Since the beginning of the pandemic three years ago, more than 1.12 million Americans have died of COVID-19 infection, according to the Centers for Disease Control and Prevention (CDC). New York was one of the hardest hit cities, with the number of total and probable deaths more than 45,000. But how do we know that those were deaths from COVID and not deaths with COVID?
As of March 31, 2023, 38,764 of the 45,156 deaths in NYC were confirmed with a positive molecular test, which detects genetic material of the virus, while the remaining deaths —classified as “probable” — had “COVID-19 or similar” listed as cause of death without confirmation. This type of death reporting has led to some confusion about whether people are actually dying from COVID, or if COVID is listed on death certificates even if it was not the infection that resulted in death.
There are good reasons for this confusion. For example, how can we be sure hospitals are reporting accurately? And what about people who die at home without taking a COVID test — how are they accounted for?
This confusion has, in turn, sown unwarranted doubt over whether COVID really is deadly — emphasized in a recent opinion piece in the Washington Post by Dr. Leana Wen, who supports the claim that COVID deaths are overcounted. The evidence suggests, however, that COVID-19 is indeed deadly — and that deaths may, in fact, have been undercounted.
One way of understanding the death toll is looking at how many extra deaths have happened during the pandemic, using a measure called excess mortality, or excess deaths. In an interview with the AmNews, Dr. Yea-Hung Chen, an epidemiologist at the University of California, San Francisco, described one way of thinking of excess mortality: “It’s this thought exercise of imagining this magical world where the pandemic never happened…..It asks the question of ‘Had the pandemic not occurred, how many deaths would we have expected to see?’”
Dr. Jonathan Wakefield, a biostatistician at University of Washington and member of the Technical Advisory Group of the World Health Organization (WHO) COVID-19 Mortality Assessment Group, explained in an interview with the AmNews why excess mortality is a more “robust measure” for assessing pandemic deaths.
“In general, it is not straightforward to unambiguously define a COVID death. Not only do COVID death assignment procedures vary from country to country, they also vary in time within countries as, for example, testing capabilities change, so to establish a COVID death is not always straightforward… Scientifically, excess mortality is more justifiable because it’s a much easier quantity to estimate: it’s more clear-cut, instead of ambiguous, and also can’t be politicized so easily.”
The data do show that COVID is causing excess deaths on the population level. Wakefield emphasized that “there is no question that there were a huge number of excess deaths in the United States.” The WHO estimates he worked on indicated that in 2020 and 2021, there were 932,458 excess deaths in the United States. As of this writing, the CDC places the total number of excess deaths in the pandemic period in the U.S. at 1.31 million: 215,527 more than the official death count from COVID.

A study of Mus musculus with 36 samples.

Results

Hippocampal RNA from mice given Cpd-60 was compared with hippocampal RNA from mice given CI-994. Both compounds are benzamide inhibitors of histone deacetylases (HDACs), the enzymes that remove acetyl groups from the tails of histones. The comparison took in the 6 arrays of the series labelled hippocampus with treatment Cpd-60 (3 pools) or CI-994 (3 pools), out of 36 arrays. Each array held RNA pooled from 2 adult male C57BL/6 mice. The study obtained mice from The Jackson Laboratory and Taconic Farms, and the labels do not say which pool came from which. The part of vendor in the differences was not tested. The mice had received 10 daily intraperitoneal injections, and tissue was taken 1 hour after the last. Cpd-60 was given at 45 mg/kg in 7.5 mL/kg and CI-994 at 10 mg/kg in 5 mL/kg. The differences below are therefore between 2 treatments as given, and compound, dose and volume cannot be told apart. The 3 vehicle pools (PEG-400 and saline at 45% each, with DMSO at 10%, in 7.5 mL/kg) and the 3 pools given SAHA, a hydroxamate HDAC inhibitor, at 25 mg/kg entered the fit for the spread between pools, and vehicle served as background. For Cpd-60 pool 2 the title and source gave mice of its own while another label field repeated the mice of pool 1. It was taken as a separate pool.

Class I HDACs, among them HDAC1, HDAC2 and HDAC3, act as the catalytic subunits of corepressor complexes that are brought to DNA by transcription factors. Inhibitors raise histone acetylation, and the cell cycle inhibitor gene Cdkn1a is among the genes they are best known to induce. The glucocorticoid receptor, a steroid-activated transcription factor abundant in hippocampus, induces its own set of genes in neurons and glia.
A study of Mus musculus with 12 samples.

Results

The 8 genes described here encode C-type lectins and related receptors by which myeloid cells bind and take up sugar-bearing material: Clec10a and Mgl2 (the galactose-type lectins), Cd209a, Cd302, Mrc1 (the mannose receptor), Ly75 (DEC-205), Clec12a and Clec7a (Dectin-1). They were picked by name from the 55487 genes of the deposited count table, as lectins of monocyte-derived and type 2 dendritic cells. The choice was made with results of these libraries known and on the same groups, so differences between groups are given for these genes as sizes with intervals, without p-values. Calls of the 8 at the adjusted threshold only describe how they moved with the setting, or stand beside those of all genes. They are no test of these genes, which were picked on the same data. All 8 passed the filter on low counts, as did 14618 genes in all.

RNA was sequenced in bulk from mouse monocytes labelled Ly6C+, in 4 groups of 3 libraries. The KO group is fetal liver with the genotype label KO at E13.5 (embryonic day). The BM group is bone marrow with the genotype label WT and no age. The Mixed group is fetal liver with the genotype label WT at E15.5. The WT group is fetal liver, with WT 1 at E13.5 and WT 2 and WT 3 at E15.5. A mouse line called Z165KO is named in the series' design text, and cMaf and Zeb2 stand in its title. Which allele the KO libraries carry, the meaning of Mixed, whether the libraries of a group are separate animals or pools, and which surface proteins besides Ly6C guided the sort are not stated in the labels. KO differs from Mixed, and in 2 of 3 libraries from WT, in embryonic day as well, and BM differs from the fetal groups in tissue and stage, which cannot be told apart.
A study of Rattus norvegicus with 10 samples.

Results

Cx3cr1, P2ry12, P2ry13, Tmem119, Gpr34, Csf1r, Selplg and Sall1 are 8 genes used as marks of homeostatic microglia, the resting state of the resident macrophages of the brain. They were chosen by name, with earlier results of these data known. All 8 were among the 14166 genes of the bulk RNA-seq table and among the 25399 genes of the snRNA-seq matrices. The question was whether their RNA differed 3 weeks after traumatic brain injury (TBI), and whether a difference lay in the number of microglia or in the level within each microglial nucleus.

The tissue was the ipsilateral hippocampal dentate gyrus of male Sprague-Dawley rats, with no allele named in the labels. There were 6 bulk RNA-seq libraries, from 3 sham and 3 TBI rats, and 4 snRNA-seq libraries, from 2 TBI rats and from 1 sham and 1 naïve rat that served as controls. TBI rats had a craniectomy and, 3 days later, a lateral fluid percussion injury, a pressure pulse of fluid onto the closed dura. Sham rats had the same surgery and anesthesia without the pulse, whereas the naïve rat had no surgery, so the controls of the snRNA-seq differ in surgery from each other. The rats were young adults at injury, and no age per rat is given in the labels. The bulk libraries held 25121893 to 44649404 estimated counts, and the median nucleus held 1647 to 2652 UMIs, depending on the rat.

Globally, Wakefield’s research suggests that there were 14.91 million excess deaths in the years 2020-2021, with most of these likely attributable to COVID. That is 2.75 times the deaths reported as COVID deaths. Evidence also suggests that undercounting is more common in Black, Hispanic, and Native American communities.
Data in this chart is from August 2020.
One counter argument suggests that some of these deaths may result from other COVID-related events, such as restrictions put in place at accessing hospitals as a result of lockdown measures. Even if some excess deaths may have resulted from other pandemic-related issues, both researchers emphasize that COVID is the main culprit. Chen explained that the timing of excess deaths matters: According to the CDC, excess deaths that are not classified as COVID deaths “peak at around the same time as excess deaths,” a pattern that would be expected only if COVID is driving these deaths.
Another argument claims that hospitals are misreporting COVID deaths. The argument suggests that people are dying with COVID, rather than from COVID. Dr. Chen responded to this theory by saying: “If you look at out of hospital settings, you see this massive, massive difference between COVID deaths and excess deaths, and we think that is very indicative of underreporting of COVID, to the extent that even if there are isolated cases of this with COVID or from COVID being an issue in hospitals, it is far outweighed by the home deaths’ underreporting and also the likelihood that in-hospital reporting probably, in general, follows the CDC guidelines.”
Wakefield allowed for the potential of discrepancies in reporting, noting that across states and countries it is difficult to accurately count COVID deaths. He emphasized that this is why excess mortality is a valuable measure, particularly in a country with death records as relatively robust as the United States: “It’s impossible that this excess mortality doesn’t exist… The science is quite clear here. There was a huge excess.”
For additional resources about COVID-19, visit www1.nyc.gov/site/coronavirus/index.page or call 311. COVID-19 testing, masks, and vaccination resources can also be accessed on the AmNews COVID-19 page: www.amsterdamnews.com/covid/.